In Defense of Disruption: Outlines of a Strategy

We’ve said again and again over the last two weeks that Humanities 2 was only the beginning. Now we can ask: The beginning of what? Where is this movement going? What’s the end game?

It may be too soon to talk about the end. That horizon still eludes us. But the next concrete step has already been planned, and if we begin with that, we can identify an important line of flight. At 12:45 this Monday, students will walk out of their classes and meet at Quarry Plaza. From there we will march on the administration (which of its tentacles will we prod this time?) and loudly deliver to them a pledge: We will do whatever is necessary to prevent these hikes.

Implicit in this pledge, and in the action itself, we see the outlines of a strategy (not just a tactic) of disruption. We are switching things up; making a ruckus; getting loud and getting unruly. But we’re doing it with a purpose.  We’re doing it because only a pattern of insubordination will force the hand of those who hope to placate us. We won’t permit the “normal” operation of this institution until the Regents and administrators back off this voracious swipe at our livelihoods. In this strategy, we follow the heroic disruptive efforts of those comrades who are in the streets nationwide to oppose racism and state violence today.

the power of disruption

Yet some friends are bound to ask, “Why so much noise and trouble? Why not show up and state our case with eloquence? If we are clear, articulate, and open to dialogue, won’t we have more credibility?”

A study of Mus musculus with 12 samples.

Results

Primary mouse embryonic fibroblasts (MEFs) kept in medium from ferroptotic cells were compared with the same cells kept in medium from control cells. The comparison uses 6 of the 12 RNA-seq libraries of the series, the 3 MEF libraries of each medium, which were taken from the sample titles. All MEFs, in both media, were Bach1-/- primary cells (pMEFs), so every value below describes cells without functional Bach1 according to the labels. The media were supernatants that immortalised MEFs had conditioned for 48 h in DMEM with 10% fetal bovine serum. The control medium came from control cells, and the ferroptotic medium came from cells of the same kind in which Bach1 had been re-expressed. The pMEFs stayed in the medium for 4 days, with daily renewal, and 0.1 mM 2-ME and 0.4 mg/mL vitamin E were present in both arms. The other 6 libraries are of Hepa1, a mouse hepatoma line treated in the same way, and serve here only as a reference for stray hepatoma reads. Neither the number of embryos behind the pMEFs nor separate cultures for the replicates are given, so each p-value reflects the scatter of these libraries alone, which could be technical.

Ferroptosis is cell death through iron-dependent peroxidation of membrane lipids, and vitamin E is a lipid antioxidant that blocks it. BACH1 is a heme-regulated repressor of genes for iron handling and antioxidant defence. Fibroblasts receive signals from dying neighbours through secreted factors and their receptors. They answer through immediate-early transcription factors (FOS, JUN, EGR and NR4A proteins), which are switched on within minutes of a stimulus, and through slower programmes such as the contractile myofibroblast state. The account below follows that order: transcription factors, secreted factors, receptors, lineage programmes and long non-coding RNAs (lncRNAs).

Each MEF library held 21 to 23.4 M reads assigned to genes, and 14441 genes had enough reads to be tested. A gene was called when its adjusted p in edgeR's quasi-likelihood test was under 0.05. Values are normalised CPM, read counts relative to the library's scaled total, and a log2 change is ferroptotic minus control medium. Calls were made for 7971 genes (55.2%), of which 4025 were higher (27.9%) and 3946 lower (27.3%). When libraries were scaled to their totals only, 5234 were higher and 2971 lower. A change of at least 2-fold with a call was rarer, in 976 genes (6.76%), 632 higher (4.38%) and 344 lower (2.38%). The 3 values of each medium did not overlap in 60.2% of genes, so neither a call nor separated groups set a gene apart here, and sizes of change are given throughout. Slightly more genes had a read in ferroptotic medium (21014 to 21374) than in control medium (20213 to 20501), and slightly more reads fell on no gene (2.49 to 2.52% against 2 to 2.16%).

The flaw in these questions is the assumption that our message has not been heard. In fact, administrators and Regents already know what we have to say. And they knew before we even said anything.

What student would relish the idea of paying more money and going deeper into debt to stay in school? Who wants to pick up more hours at their job only to have the wages fly from their boss’s hand straight into the coffers at Hahn, where they sit as collateral for financial products? It doesn’t take any administrative experience in higher education – which is good, since Napolitano and most Regents have none – to predict that students will be angry about a $3,000 tuition hike.

The only contingency that matters for the Regents is not whether we’re unhappy, but rather, how we show it. Our ideas and feelings are only relevant if we impose them as a necessity. The UC administration is banking (literally) on the hope that we will eloquently make our case and then leave them alone – that we will open an inconsequential dialogue and wait quietly for a response. Our plan must be the opposite: forget speaking and remember how to scream. Forget treading lightly and remember how to stomp. Walk out of class, walk into the offices of those who have chosen to be our adversaries, and make their jobs impossible.

One way or the other, we will walk out of class. Either we walk out on Monday, or we walk out defeated when the bill collectors come to our doors. Rarely is a choice so simple.